The Derwent River is 215 km long – the authoritative answer!

I am so excited.

Blog followers know I have been frustrated in my attempt to discover the official length of the Derwent River. Now I have found the answer in Australia’s most reliable source of information.  Today I found that the Australian Bureau of Statistics gives the length as 215 km.  I feel vindicated.  Previously, using an Opisometer on 1:25,000 Tasmanian maps, I had calculated the length of the River at 214 km – all the time knowing that some inaccuracy was possible with this device. You can read my earlier post here.  Now all I have to do is to persuade Google to change their information!  What chance do I have?

6 thoughts on “The Derwent River is 215 km long – the authoritative answer!

    1. Tasmanian traveller Post author

      You may wonder why I didn’t find it earlier. In the past I have searched on the ABS site but obviously not with the right words so I didn’t get what I wanted – well that’s my take on it. Somehow today I googled in the right way and up it came. Voila! And thank goodness. Finally. But I think getting Google to change will be much more challenging.


    I wouldn’t have thought the ABS was an authoritative source of this information – it is not within the gambit of their expertise – they would have got the information from somewhere else. You should be consulting a mapping and surveying organisation – they are the experts.

    One of your problems in answering this question is your lack of understanding of the concept of “accuracy”. Accuracy is all about “fit for purpose” – there is no point striving for an accuracy beyond what is necessary. Consider a 2 km stretch of road – for the person who has to walk it to catch a bus, for example, just knowing it is “about 2 km” is sufficient accuracy to allow enough time to get there before the bus leaves. For the contractor who has to re-pave the road, knowing that it is 2.05 km (within a few metres) is adequate to enable him to order enough material. For the surveyor, and the draftsman who has to produce the detailed design plans, an accuracy of a few cms is required, and 2052.78 m is the accuracy of measurement needed.

    You can’t compare your measurement from the maps against any others quoted because you don’t know how they derived their figure.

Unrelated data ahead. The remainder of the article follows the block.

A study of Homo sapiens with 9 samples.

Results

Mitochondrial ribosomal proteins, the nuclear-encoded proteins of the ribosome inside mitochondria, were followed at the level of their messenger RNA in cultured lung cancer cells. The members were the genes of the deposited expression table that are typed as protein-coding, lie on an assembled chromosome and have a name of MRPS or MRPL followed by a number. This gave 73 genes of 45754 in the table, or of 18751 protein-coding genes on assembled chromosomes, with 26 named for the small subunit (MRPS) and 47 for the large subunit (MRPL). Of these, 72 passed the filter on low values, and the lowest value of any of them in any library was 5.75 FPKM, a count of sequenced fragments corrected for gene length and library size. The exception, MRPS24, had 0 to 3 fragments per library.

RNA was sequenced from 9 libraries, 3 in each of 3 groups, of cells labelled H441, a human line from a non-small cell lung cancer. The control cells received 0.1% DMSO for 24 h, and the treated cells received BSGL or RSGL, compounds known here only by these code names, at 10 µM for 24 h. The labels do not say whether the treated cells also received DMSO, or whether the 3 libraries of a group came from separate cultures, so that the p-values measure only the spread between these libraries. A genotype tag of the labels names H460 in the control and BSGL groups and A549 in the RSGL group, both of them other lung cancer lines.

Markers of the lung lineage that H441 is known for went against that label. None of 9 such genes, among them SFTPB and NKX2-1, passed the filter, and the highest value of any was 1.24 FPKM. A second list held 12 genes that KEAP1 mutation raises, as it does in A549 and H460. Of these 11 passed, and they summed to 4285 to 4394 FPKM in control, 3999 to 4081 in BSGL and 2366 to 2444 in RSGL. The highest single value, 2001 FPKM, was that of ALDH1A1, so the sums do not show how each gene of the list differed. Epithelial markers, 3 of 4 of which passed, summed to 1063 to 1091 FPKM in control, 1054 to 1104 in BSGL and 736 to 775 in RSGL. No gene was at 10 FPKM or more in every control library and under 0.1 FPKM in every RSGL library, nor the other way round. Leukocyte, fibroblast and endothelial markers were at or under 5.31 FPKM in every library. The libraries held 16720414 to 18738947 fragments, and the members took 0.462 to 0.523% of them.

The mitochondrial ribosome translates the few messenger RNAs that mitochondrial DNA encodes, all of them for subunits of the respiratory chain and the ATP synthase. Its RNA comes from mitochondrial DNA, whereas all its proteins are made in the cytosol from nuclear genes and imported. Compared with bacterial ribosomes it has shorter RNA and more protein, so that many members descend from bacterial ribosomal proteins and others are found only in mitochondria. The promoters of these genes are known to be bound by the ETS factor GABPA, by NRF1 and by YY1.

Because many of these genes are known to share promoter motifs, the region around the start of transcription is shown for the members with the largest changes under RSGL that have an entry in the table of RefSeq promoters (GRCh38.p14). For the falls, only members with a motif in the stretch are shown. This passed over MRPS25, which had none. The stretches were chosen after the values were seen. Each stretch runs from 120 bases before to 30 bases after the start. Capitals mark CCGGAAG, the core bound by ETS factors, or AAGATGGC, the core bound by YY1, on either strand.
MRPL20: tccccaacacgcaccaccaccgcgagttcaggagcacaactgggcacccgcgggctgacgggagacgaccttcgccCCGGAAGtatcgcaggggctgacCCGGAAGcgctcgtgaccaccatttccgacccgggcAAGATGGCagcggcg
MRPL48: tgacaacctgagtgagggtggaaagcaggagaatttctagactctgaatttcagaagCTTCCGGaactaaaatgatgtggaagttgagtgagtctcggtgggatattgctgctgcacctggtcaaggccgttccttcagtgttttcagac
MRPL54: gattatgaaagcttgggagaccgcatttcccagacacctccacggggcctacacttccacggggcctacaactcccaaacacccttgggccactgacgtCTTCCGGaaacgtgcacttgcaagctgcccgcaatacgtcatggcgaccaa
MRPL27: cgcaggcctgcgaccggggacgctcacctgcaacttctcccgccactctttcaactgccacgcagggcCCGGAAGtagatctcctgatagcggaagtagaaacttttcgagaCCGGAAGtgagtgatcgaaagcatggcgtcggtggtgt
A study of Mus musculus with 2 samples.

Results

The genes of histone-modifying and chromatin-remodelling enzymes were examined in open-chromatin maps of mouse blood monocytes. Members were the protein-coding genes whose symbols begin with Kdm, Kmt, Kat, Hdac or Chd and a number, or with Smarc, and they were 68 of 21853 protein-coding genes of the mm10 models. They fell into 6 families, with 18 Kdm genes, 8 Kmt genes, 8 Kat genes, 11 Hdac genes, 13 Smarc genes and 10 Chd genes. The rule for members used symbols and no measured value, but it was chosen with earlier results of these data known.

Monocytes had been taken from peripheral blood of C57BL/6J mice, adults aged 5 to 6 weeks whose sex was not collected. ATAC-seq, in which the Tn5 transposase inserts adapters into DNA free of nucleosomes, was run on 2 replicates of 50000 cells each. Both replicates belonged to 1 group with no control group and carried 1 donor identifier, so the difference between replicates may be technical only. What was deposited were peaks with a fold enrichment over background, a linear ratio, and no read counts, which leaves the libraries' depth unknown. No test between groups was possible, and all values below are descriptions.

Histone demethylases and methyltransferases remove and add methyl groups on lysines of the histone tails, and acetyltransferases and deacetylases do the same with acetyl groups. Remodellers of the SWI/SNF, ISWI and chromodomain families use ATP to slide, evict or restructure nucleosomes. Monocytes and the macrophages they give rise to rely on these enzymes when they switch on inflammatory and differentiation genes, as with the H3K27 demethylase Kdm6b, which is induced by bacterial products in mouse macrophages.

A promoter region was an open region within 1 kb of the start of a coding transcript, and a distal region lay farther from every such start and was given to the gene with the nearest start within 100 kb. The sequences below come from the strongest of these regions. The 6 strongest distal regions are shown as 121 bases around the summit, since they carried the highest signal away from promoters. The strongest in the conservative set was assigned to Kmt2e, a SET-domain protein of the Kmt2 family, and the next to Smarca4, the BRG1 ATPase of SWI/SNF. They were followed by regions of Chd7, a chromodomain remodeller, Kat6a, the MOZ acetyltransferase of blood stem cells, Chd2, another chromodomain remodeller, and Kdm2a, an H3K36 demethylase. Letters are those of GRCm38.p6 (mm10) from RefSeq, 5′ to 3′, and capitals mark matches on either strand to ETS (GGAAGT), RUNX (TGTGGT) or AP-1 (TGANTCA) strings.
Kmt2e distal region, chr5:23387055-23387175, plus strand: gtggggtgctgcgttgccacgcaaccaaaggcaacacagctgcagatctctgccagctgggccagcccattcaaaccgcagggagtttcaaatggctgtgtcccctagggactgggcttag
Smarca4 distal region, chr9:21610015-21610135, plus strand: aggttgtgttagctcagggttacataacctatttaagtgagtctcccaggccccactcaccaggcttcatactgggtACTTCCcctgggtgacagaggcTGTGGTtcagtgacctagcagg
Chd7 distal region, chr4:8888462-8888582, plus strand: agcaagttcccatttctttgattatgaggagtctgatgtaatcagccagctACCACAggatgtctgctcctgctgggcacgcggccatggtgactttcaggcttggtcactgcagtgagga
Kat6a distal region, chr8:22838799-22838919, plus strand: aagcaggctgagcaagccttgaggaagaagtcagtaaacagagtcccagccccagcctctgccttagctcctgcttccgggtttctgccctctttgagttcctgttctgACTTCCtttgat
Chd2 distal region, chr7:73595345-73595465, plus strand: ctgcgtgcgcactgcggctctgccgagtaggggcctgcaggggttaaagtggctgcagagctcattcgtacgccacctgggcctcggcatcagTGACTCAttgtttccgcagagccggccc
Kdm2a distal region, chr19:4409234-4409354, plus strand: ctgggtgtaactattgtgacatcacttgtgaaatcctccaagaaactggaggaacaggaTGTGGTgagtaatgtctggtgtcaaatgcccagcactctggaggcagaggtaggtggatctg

There is some aspects of your methodology which are suspect, the main one being – the maps you used are a plane representation of a curved surface and therefore the accuracy of distances measured varies across the map sheet. The projection used on the 1:25000 series gives good accuracy across the centre of the sheet, but the accuracy of distances measured at the edges is not so good. Also, if you used 17 sheets, there were at least 16 sheet boundaries crossed, each one a potential error in alignment. The detail on maps is mostly schematic, derived from aerial photos, and if you read the notes in the margin the accuracy of position is not guaranteed. Non-linear features are very difficult to trace precisely, especially in areas of thick vegetation. Did you calibrate your measuring device beforehand?

    For your purposes I would have thought + or – 5 kms would be sufficient (and then the comments above are hardly relevant).

    You have been diligent in how you went about the process and documented the parameters – well done. Just remember when ever you quote your result to include your methodology.


      Thanks Mike and I agree with your comments. I was very happy with my ‘rough’ measurement of 214 kms using the Opisometer over the various maps. I always believed (but never said it in a post) that if an ‘accurate’ measurement was made/could be made then the River (between the points I designated in one of my posts) would be between 210 and 220kms. My greatest concern was that Google is projecting a 247km length and there has been nothing I could do to create such a measurement, even adding in Bays and Lakes which I don’t believe comprise the Derwent River. I believe the ABS length has been taken off the same maps I have been using – and on that basis I felt they were as authoritative as possible – taking into account the variations you suggested and many more. So it has been an interesting exercise, and one which has generated a lot of views, comments and emails. Thanks again for your very worthwhile comments.